North Korean Nights: Inside South Korean Singers' Alcohol-Fueled Partying in Pyongyang

South Korean musicians have returned home after performing in Pyongyang and meeting North Korean leader Kim Jong Un—drinking and partying their nights away.

The artists experienced a different side of the personalities known to them as enemies of their country. Kim Yong Chol, the North Korean general linked to the 2010 deadly shelling of Yeonpyeong island, was a controversial choice of envoy when he visited South Korea in February for the closing ceremony of the Pyeongchang Winter Olympics. However, he came across as a host eager to make his guests welcome—and inebriated—at the banquet given in their honor on Tuesday, before they left North Korea.

One musician, a member of K-pop singer Cho Yong-pil's band, was impressed with the general's drinking habits. "He's a heavy drinker," Choi Tae-hwan said on Wednesday, quoted in the Chosun Ilbo newspaper. He recalled how Kim Yong Chol "frequently stressed the need for unity among the Korean people, and drank quite a lot." The alcohol was only identified as "Pyongyang liquor."

South Korea sent a group of about 160 musicians to North Korea, where they performed on April 1 and April 3. The concerts were meant to reciprocate the North Korean orchestra performances held in South Korea for the Winter Olympic Games in Pyeongchang. Those performances were part of a bilateral effort to establish dialogue between the two countries that technically remain at war, as the armistice that ended the 1950-1953 Korean conflict was never followed by a peace treaty.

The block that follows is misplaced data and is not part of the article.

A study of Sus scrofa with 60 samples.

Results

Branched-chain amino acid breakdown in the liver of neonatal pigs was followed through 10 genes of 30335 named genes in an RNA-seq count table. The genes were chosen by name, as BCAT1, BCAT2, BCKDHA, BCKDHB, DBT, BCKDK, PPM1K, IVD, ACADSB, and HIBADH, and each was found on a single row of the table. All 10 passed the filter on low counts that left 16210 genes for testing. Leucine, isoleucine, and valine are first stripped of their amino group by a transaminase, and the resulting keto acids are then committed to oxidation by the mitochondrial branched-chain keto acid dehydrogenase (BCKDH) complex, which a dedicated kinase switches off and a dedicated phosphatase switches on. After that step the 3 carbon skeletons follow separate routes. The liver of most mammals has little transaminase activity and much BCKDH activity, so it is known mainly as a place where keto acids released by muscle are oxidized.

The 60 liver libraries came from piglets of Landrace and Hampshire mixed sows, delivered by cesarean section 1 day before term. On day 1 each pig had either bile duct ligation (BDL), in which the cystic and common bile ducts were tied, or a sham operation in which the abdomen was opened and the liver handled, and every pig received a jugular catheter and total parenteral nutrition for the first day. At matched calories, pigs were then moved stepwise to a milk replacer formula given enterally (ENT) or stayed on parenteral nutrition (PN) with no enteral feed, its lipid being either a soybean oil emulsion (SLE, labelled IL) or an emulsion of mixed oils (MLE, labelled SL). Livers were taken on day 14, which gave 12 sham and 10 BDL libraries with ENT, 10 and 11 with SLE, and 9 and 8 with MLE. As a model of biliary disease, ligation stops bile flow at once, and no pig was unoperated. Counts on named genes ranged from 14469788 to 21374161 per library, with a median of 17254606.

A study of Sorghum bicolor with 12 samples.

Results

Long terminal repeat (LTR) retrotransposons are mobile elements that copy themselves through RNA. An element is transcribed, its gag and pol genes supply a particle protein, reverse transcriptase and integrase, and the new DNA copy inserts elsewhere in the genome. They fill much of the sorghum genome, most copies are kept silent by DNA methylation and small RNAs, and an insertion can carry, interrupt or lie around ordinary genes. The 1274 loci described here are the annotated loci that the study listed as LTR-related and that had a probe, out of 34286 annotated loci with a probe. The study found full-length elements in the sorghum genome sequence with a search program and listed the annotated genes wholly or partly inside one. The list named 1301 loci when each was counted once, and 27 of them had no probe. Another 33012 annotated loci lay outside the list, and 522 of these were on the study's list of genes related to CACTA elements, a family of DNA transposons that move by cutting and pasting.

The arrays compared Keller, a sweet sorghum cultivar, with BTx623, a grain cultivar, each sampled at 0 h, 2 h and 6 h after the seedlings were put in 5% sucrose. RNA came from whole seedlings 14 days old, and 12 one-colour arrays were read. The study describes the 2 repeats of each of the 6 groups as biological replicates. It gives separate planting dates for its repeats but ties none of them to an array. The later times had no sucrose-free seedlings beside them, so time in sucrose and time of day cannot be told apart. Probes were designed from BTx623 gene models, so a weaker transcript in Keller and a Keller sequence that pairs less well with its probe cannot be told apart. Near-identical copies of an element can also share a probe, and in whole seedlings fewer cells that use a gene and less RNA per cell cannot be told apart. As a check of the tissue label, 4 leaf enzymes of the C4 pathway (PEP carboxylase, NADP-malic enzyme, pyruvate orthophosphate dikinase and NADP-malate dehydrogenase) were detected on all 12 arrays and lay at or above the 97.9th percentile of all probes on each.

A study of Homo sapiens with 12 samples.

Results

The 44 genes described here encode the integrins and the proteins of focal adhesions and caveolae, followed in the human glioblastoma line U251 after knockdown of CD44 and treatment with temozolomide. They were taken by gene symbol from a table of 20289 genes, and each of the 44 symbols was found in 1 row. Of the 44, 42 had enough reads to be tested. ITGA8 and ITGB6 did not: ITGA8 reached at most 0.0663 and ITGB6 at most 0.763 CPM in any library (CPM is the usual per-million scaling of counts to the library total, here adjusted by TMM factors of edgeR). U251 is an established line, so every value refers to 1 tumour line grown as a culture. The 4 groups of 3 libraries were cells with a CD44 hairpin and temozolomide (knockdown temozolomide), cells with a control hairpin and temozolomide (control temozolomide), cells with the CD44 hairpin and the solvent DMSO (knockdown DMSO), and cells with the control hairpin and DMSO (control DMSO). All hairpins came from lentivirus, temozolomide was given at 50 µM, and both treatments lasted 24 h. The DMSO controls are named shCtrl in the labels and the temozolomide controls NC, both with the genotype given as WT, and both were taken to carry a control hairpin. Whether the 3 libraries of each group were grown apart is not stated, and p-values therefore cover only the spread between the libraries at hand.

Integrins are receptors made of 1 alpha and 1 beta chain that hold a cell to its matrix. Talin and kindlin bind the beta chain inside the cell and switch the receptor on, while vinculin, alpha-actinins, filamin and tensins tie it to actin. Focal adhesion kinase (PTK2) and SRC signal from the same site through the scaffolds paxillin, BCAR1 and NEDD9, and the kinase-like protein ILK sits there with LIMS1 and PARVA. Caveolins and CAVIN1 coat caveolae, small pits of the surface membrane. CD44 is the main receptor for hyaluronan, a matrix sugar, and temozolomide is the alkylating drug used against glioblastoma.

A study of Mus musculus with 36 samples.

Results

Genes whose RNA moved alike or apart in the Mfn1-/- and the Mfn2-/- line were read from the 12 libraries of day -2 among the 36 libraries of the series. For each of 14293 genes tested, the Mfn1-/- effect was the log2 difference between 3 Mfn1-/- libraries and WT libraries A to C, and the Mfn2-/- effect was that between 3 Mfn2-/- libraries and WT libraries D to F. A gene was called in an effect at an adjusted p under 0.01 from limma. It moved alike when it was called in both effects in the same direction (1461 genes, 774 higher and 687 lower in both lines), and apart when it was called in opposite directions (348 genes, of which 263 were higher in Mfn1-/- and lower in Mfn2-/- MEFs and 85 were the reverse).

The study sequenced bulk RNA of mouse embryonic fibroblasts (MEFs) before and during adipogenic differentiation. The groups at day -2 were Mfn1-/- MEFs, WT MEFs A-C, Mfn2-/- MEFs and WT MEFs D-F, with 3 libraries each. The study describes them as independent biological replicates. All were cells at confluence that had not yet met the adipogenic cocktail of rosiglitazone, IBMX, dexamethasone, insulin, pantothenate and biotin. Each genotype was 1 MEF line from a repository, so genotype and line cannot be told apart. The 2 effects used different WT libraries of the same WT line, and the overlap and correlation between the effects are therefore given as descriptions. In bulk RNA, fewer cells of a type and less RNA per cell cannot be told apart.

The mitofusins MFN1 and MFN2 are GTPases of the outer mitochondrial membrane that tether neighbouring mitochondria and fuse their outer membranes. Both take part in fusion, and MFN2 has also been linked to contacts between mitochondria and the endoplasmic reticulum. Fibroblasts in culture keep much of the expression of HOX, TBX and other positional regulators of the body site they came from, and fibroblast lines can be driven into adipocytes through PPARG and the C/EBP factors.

North Korea reportedly objected to the inclusion of one of South Korea's best-known stars, "Gangnam Style" singer Psy, and had a final say over the songs performed.

Singer Choi Jin-hee expected to perform her hit "Maze of Love" but instead was asked to perform a 1985 ballad called "Belated Regret," one of North Korea's favorite Southern songs, by brother-and-sister duo Hyeonee and Deokee, the South Korean delegation was told.

"I didn't even know that song and was baffled as to why I had to perform a title that wasn't mine," Choi said on Monday, quoted by Yonhap news agency.

North Korean leader Kim Jong Un and his wife, Ri Sol Ju, enjoyed a performance from South Korean K-pop singers in the "Spring is Coming" concert at the East Pyongyang Grand Theatre in North Korea on April 1. KCNA/via Reuters

She realized the request came from Kim after the North Korean leader, who attended the April 1 concert, personally thanked her for her performance. "Later, Chairman Kim came down and shook my hand, then said, 'Thank you for singing that song.' I realized why the organizers asked me to sing 'Belated Regret,'" Choi said.

The song suddenly became popular again in South Korea, hitting number 1 on the charts for the first time in 33 years on Tuesday, South Korean newspaper Donga Ilbo reported.

Choi also boasted a friendly relationship with North Korean orchestra leader Hyon Song Wol. In an interview with KBS radio reported in South Korean media on Thursday, Choi recounted hugging Hyon and even squeezing her cheeks.

At the banquet, Hyon joined in the singing, duetting with Cho Yong-pil. Pictures published in South Korean media showed the singers posing together for photos. According to one dinner participant quoted in Yonhap, Kim Yong Chol asked for the pictures to be sent to him.

Do Jong Whan, the South Korean minister of culture, sports, and tourism who was part of the delegation that traveled to North Korea, said Kim Jong Un was eager to arrange another concert, this time in Seoul, in the fall.

But the next big event in the inter-Korean relations saga is scheduled for the end of this month, when Kim Jong Un is due to meet South Korean President Moon Jae-In at the truce border village of Panmunjom.